Nine Sigma has held the challenge entitled ” Keep Plastics out of the Ocean”
Why this challenge?
Love them or hate them, plastics are indispensable in our modern world. In fact, demand for them is expected to double in the next 20 years. Yet most plastic items are used only once before being discarded, often ending up polluting the environment. If nothing changes, there could be more plastic than fish in the ocean by 2050.
To free our oceans from plastic, we have to fundamentally rethink the way we make, use and re-use plastics so that they don’t become waste in the first place.
The Ellen McArthur Foundation (EMF) was created in 2010 to speed up “the transition to the circular economy”. Among other initiatives, the Circular Materials Challenge to go to a New Plastics Economy sought ways to make all plastic packaging recyclable.
Around 13% of today’s packaging, such as crisp packets, or food wrappers are made of layers of different materials fused together. This multi-layer manufacturing aims at keeping food fresh, but also makes the packaging difficult to recycle.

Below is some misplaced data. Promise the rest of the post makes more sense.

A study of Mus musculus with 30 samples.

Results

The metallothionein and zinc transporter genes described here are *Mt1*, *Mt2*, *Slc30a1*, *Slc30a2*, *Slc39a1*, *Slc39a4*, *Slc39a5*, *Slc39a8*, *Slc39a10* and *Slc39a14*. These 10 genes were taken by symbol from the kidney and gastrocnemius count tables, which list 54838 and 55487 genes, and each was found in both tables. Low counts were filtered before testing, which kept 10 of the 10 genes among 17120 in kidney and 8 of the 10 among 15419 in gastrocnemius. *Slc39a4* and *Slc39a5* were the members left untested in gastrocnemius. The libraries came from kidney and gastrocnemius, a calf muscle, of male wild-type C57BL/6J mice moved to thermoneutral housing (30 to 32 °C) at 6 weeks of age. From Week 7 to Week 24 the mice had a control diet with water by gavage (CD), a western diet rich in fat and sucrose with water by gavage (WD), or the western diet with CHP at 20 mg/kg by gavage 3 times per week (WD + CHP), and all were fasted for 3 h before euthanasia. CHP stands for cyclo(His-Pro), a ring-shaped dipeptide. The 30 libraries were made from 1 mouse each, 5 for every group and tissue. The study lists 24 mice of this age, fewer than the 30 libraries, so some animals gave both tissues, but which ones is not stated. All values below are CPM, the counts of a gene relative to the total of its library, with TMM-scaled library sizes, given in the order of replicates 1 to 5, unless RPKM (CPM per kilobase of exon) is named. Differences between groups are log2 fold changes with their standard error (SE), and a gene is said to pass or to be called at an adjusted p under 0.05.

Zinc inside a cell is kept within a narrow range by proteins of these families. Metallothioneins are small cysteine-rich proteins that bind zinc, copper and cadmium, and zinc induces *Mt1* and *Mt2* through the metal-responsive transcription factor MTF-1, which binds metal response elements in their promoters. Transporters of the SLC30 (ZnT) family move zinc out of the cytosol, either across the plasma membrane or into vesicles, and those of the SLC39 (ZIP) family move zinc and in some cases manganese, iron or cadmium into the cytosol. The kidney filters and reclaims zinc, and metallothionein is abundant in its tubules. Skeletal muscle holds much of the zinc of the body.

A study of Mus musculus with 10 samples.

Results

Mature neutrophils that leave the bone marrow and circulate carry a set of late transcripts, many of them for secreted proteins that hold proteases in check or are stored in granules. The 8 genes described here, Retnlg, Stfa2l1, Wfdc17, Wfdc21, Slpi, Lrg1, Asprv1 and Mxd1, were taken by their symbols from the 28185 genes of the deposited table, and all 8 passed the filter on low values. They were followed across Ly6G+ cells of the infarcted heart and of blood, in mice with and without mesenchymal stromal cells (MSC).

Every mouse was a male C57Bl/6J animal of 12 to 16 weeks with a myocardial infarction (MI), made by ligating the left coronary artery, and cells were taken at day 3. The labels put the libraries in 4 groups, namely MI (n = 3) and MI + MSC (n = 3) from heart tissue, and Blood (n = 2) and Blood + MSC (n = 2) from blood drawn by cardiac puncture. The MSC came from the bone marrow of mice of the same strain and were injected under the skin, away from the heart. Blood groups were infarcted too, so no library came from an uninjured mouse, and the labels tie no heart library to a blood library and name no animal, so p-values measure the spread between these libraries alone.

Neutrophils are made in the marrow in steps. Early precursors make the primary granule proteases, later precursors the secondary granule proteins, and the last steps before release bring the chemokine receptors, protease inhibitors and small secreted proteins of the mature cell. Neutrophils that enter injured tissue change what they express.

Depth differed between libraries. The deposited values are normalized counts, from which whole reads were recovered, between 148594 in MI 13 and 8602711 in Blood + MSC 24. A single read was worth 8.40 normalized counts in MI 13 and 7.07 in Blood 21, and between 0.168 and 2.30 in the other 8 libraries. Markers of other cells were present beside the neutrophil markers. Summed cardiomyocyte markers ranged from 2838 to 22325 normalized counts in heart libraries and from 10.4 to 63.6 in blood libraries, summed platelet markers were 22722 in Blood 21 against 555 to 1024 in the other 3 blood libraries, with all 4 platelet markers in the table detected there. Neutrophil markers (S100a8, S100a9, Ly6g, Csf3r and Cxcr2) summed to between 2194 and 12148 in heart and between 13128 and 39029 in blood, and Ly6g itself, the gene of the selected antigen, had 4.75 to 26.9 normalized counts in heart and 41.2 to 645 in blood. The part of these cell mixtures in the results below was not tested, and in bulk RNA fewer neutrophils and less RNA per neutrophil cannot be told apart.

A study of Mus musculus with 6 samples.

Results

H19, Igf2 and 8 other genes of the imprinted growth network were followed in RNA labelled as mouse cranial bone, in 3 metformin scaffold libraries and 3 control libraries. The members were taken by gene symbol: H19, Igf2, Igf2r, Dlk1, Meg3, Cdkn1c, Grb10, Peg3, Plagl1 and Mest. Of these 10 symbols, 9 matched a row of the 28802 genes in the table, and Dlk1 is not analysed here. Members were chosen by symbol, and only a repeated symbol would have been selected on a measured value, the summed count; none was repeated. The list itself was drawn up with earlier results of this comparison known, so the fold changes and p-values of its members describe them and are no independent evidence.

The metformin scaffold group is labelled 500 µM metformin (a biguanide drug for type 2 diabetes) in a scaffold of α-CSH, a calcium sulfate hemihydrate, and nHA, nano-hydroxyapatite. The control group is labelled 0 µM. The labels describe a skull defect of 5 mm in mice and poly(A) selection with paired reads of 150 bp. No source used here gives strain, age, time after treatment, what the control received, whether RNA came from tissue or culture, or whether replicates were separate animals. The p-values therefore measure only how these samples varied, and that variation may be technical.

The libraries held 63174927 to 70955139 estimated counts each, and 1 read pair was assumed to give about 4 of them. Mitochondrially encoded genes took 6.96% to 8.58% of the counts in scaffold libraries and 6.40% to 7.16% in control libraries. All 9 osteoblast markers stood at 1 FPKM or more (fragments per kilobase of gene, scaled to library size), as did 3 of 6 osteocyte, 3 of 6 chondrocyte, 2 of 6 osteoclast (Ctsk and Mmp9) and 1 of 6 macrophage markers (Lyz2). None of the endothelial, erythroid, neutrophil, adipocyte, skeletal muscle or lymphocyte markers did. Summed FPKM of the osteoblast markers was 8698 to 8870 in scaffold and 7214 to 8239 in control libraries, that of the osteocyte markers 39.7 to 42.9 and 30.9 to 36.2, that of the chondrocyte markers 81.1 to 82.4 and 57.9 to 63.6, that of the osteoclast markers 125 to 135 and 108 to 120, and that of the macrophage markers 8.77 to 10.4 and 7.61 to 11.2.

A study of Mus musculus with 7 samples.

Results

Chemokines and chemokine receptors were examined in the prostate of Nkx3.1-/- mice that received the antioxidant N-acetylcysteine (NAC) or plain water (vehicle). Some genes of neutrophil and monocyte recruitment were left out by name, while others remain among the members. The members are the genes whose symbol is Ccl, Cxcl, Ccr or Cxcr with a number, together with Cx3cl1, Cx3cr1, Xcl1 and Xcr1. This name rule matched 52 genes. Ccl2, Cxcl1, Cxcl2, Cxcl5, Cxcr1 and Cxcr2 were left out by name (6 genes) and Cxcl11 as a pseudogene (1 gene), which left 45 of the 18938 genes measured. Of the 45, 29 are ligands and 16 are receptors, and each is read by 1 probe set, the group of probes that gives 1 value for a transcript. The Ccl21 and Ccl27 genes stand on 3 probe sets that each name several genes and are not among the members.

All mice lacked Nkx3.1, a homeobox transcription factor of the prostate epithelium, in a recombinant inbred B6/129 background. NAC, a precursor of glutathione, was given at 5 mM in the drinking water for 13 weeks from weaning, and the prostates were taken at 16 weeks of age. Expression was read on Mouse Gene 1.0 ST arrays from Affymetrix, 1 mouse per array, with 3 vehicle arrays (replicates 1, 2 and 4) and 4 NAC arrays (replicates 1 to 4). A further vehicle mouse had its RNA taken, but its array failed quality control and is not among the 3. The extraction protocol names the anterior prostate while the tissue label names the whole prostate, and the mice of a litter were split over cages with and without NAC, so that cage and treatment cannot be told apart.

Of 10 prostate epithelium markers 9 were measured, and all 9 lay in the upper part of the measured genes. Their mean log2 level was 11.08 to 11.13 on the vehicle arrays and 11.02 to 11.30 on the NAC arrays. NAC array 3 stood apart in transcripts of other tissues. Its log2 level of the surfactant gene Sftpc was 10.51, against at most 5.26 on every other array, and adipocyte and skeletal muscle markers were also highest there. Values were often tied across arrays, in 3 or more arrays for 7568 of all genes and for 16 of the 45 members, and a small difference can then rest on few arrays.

The “Circular Materials Challenge” was scoped with EMF and leading brands committed to use 100% reusable, recyclable or compostable packaging by 2025 or earlier. Among those brands were Amcor, Ecover, evian, L’Oréal, Mars, M&S, PepsiCo, The Coca-Cola Company, Unilever, Walmart and Werner & Mertz.
Result of this challenge
The judging panel consisted of materials experts from international companies in the packaging, food, recycling and materials manufacturing sectors.
NineSigma identified 63 Responses from 23 Countries
EMF selected 30 proposals that they shared with the judging panel
The judging panel ranked the proposals and selected 13 for in depth due diligence.
The judging panel met in London, reviewed the 13 proposals and selected the 6 best proposals and 5 ‘very good’ proposals
The judging panel found it very difficult to select the winners given the quality of the shortlisted proposals. Some of the panel members found that NineSigma had found solutions that they could “use in their product packaging now”.